KANSAS CITY, Mo. — His signature dreadlocks are gone, leaving behind only closely cropped hair. Tamba Hali blamed the change on advancing age and a receding hairline.
“I’m getting older,” Hali said after the Chiefs’ mini-camp practice Tuesday, “and sometimes genetics play a key role.”
Though he’s heading into his seventh season with the Chiefs, Hali should still be in the prime of his career for some time. But his altered hairstyle serves as a reminder that his reign as one of the NFL’s top pass rushers won’t last forever, and if the Chiefs are to make better use of his abilities, they’d better not wait long.
Hali had 12 sacks last season and played in the first Pro Bowl of his career.
“The Pro Bowl was fun,” he said. “I got a chance to see some of the better players in this league and go against them and compare yourself and actually talk to guys like Dwight Freeney, who is an elite pass rusher in this league and one of my favorite guys. Just talking to him and seeing where his mind is and how he prepares for games and vice versa.… Being around those guys was a great experience.”
Hali’s performance last season came as no surprise to the Chiefs or their fans. In 2010, he led the AFC in sacks, with 14½, and after being named the franchise player was rewarded with a lucrative, long-term contract.
Hali has always been a tireless worker, and that relentless style endeared him not only to his teammates, but fans who regularly watched Chiefs games.
“Football is his life,” former Chiefs running back Thomas Jones said. “You can tell. I get to the stadium at 10 and the game starts at 12. As soon as I walk into the locker room, he’s coming in from the field and already drenched in sweat with his football uniform on already. And I’m just getting to the stadium. That’s a testament to how serious he is about football and about his position.”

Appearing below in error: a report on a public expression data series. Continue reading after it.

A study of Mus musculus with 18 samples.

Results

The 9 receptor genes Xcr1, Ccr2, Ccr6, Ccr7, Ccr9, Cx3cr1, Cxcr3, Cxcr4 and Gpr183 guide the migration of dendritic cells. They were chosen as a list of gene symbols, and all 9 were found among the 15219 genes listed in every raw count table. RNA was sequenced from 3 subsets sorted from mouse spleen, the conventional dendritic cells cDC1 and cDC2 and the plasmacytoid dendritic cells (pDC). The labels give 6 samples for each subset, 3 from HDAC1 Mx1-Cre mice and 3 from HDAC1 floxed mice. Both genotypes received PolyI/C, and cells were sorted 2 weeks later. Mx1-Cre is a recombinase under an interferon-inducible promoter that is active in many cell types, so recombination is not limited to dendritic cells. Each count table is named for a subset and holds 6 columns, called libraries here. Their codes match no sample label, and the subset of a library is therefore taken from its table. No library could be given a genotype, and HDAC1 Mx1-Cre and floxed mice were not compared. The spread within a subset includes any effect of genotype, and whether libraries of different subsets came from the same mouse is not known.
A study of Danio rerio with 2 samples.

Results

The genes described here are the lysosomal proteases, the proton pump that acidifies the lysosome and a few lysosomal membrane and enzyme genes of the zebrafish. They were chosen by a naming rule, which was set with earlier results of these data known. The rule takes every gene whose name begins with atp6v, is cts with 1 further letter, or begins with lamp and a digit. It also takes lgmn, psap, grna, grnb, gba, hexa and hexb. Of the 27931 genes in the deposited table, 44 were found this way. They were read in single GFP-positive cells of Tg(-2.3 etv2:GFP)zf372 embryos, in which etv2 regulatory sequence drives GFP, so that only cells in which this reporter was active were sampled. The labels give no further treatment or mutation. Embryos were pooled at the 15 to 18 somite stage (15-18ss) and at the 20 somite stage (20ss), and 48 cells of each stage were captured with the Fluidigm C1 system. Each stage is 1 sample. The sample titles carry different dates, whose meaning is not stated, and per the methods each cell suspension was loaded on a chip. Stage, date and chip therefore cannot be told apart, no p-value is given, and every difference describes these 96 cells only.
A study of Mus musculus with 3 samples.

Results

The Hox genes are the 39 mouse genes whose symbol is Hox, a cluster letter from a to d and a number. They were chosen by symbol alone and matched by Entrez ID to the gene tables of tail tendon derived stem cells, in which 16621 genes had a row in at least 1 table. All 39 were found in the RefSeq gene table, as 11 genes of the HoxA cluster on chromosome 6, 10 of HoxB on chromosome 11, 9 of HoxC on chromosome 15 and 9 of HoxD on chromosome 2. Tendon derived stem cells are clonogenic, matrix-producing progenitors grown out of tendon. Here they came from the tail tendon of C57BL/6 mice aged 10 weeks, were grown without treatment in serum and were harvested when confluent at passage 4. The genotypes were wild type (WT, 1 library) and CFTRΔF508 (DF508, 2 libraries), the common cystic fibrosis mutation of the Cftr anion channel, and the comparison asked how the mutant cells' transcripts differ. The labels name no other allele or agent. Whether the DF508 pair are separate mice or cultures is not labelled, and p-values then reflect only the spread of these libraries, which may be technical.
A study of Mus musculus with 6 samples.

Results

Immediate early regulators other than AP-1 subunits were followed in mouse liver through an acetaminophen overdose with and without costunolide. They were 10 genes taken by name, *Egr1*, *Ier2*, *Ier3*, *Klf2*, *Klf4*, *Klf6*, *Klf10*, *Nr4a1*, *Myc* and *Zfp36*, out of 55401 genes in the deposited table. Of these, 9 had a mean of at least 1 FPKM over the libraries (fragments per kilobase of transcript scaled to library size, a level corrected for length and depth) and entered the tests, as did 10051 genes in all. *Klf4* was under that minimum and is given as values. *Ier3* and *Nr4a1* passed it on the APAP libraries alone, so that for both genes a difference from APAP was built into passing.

But to his peers around the league, nothing boosts stature like a visit to the Pro Bowl. Hali was 64th on the NFL Network’s list of top players last year after leading the AFC in sacks. But he is 34th this year, even after a decline in sacks.
“Maybe (he’s) not a household name that some of these other defensive ends and outside linebackers are, but he’s all the player,” San Francisco quarterback Alex Smith told the NFL Network. “Sometimes you see that all they care about is the sacks. They don’t play the run nearly as tough because all they’re worried about is getting their numbers. He’s not that guy. He’s a guy that takes pride in playing tough every single snap and just does it all.”
To Hali, there’s no greater praise.
“I think guys see how I play the game and that I have a passion for it,” Hali said. “I hope guys have a respect for that, but I don’t pay much attention to it that much.
“Guys are looking at me and ranking me somewhere and saying, “This guy does his job,’ that means a lot. Those are colleagues and if that’s how they feel about you, that means a lot.”
Hali’s two best NFL seasons have been with Romeo Crennel as the Chiefs’ defensive coordinator. He expects to continue to flourish with Crennel as his head coach.
“A veteran coach who knows what he’s doing,” Hali said. “He expects a lot from us.
“With him as the coach, everything is structured. We’re not guessing where we’ve got to be. We’re not coming in with a different schedule. The schedule is not changing. We know where we’ve got to be every day. That way, it works for us as players. We know what it takes.”
Hali isn’t the senior member of the Chiefs defense, but among the core group only linebacker Derrick Johnson, at 29, is older. It could be a sign of his changing role in Kansas City that the Chiefs placed the locker of their first-round draft pick, nose tackle Dontari Poe, immediately next to Hali’s.
Perhaps it’s a coincidence, or perhaps the Chiefs want Poe getting a close look at how Hali prepares.
“That’s on all of us,” Hali said. “But he’s next to me so I guess he’s going to be hearing from me.”